The Wedding Dress of the Century

Two words. Sarah Burton. Responsible for making millions of women around the world sigh in envy (and possibly despair). After a wedding as magical as that witnessed on Friday, how could brides-to-be around the world possibly compete? Any dress would seem infinitely inferior after seeing Burton's heavenly creation (particularly on Catherine Middleton). She looked S.T.U.N.N.I.N.G. Absolutely flawless. She couldn't have lived a greater fairytale if she'd been drawn by Disney. And who could forget those two fleeting kisses on the balcony? A truly enchanting day :)

London was whipped up in wedding fever long before the big day, as the above cupcakes demonstrate. Man, I wish I'd been in London at that time ...

How cute are these teabags?? I saw them on Fashion Police (the greatest show on earth) when Joan Rivers et al. were doing a special episode on the Royal Wedding. 'Excuse me waiter, there's a Prince in my teacup!' As disturbing as that is, I do think the Princess Catherine teabag is fitting. As Eleanor Roosevelt once said, women are like teabags; you don't realise how strong they are until you put them in hot water. I have no doubt that sweet and gentle Catherine will make a wonderful Princess, and make her British fans proud.

No offence to the British Mint, but that's not exactly the most flattering picture of Catherine, and does not do her justice! But I guess it's still pretty neat to have your face on a coin! :)

I love how even Google joined the celebrations of the big day! Good ol' Google. How did we ever live without it??

Okay, so some details about the outfit. Something old and borrowed? The Cartier "halo" tiara, lent to Kate by the Queen. Something new? The diamond earrings given to Kate by her parents. They had been custom-made for her, and bore the Middleton family crest (acorns). Something blue? A blue ribbon sewn inside Kate's ivory Alexander McQueen dress.  

Kate's dress bore striking similarities with the gowns worn by Grace Kelly of Monaco (above) and Princess Margaret (below).

And now for the not-so-nice shots.  Yes, Princesses Eugenie and Beatrice of York.  As much as Brits love their infamous milliner Philip Treacy, the hat just didn't look good on Princess Beatrice. The ease with which spoofs surfaced on the internet mere hours after the event is further proof. Evidence below.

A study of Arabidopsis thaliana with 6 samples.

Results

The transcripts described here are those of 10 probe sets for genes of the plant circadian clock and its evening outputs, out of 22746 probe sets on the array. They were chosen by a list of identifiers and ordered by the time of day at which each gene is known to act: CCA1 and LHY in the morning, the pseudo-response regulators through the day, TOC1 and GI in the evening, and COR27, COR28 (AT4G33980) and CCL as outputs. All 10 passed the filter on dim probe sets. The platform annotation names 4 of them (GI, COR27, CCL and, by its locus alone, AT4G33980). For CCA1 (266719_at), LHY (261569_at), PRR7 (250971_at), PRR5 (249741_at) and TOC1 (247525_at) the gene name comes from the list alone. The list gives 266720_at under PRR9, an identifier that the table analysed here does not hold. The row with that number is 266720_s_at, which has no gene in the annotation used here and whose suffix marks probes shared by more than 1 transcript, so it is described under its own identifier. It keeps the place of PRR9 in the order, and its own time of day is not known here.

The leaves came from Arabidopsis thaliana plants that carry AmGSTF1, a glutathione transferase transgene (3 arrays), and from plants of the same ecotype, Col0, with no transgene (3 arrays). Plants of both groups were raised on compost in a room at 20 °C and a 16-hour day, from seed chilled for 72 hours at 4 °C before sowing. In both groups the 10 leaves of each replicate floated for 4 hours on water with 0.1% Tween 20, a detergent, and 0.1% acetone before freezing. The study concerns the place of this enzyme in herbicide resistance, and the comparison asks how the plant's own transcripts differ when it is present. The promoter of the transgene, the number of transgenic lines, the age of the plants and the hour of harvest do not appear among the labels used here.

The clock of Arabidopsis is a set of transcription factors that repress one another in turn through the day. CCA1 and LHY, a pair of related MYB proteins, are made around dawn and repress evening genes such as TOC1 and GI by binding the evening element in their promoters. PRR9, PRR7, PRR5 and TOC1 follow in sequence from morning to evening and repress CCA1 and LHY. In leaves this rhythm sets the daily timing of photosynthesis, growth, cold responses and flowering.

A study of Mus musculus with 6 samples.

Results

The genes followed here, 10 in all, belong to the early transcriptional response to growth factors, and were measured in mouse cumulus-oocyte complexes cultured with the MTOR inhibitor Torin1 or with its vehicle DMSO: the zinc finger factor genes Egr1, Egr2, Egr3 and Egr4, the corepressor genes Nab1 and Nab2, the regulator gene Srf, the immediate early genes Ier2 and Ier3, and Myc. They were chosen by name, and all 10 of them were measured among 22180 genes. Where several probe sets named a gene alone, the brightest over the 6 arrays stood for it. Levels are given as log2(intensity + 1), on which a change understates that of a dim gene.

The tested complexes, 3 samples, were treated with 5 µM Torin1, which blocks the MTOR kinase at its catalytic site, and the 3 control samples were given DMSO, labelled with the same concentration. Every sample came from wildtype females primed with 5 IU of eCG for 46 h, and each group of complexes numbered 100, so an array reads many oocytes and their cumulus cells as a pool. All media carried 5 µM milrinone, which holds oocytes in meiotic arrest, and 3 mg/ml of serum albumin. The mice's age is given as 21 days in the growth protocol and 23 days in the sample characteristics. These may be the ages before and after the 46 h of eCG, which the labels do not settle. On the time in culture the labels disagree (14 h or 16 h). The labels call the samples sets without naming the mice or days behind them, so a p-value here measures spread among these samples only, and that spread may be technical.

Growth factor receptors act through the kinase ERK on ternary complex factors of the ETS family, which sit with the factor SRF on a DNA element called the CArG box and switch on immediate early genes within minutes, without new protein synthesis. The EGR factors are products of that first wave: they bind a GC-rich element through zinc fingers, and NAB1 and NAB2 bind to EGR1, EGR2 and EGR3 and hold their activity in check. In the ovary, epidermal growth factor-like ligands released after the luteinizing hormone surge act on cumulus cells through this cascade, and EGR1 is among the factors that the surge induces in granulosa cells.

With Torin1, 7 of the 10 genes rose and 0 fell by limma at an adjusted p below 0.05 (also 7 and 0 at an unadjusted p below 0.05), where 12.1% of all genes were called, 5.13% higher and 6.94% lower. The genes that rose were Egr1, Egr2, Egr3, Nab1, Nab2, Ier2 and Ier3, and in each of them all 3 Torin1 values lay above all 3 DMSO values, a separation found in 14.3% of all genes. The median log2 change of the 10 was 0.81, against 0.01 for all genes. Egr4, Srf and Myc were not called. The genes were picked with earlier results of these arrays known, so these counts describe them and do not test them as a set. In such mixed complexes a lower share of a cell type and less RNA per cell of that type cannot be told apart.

More photographic evidence of the day.

Is it just me or is the little girl on Pippa's left checking the sky for rain? And I'm fairly sure she was the same girl frowning on the balcony when Kate and Wills kissed, squeezing her hands over her ears as if to squash them permanently into her head. Such a cutie, but clearly not having the best day of her life.

Will: Are you sure you want to go through with this?

Kate: Guess we might as well. I've walked this far without tripping.

Aerial shot of the bald patch that gave Wills so much grief (and gave Harry so much ammo) at the wedding reception.

Yes the ceremony's finally over! I can breathe now.

Love her mischievous smile here. She just looks so happy :)

Party at No. 10 Downing Street! And why not. In a world gripped by seemingly incessant natural disasters, countless conflicts and nations vacillating between hope and pure despair, why not celebrate a fairytale wedding? A moment of unadulterated joy and escapism? Yes, welfare spending continues to slide down, down, down Britain's rabbit hole, but the newlyweds are bringing the Monarchy back to life, and helping it reconnect to commoners around the world like you and me.

On a somber note ... Elsewhere around the globe, as democratization movements sweep through the Middle East, Americans are celebrating the death of Osama Bin Laden. News stations yesterday were absolutely saturated with the news.

It was almost ten years ago when I watched planes hurtle into the World Trade Centres and thought I was watching a scene from a bad movie. Never could I forget that image, if I were to live five hundred years. And so we watched America throw itself into Afghanistan, and then Iraq. In both countries, 7,000 coalition troops and some 100,000 civilians died as a result. And when it seemed that hope had finally sunk below the horizon, yesterday's news awakened it once more.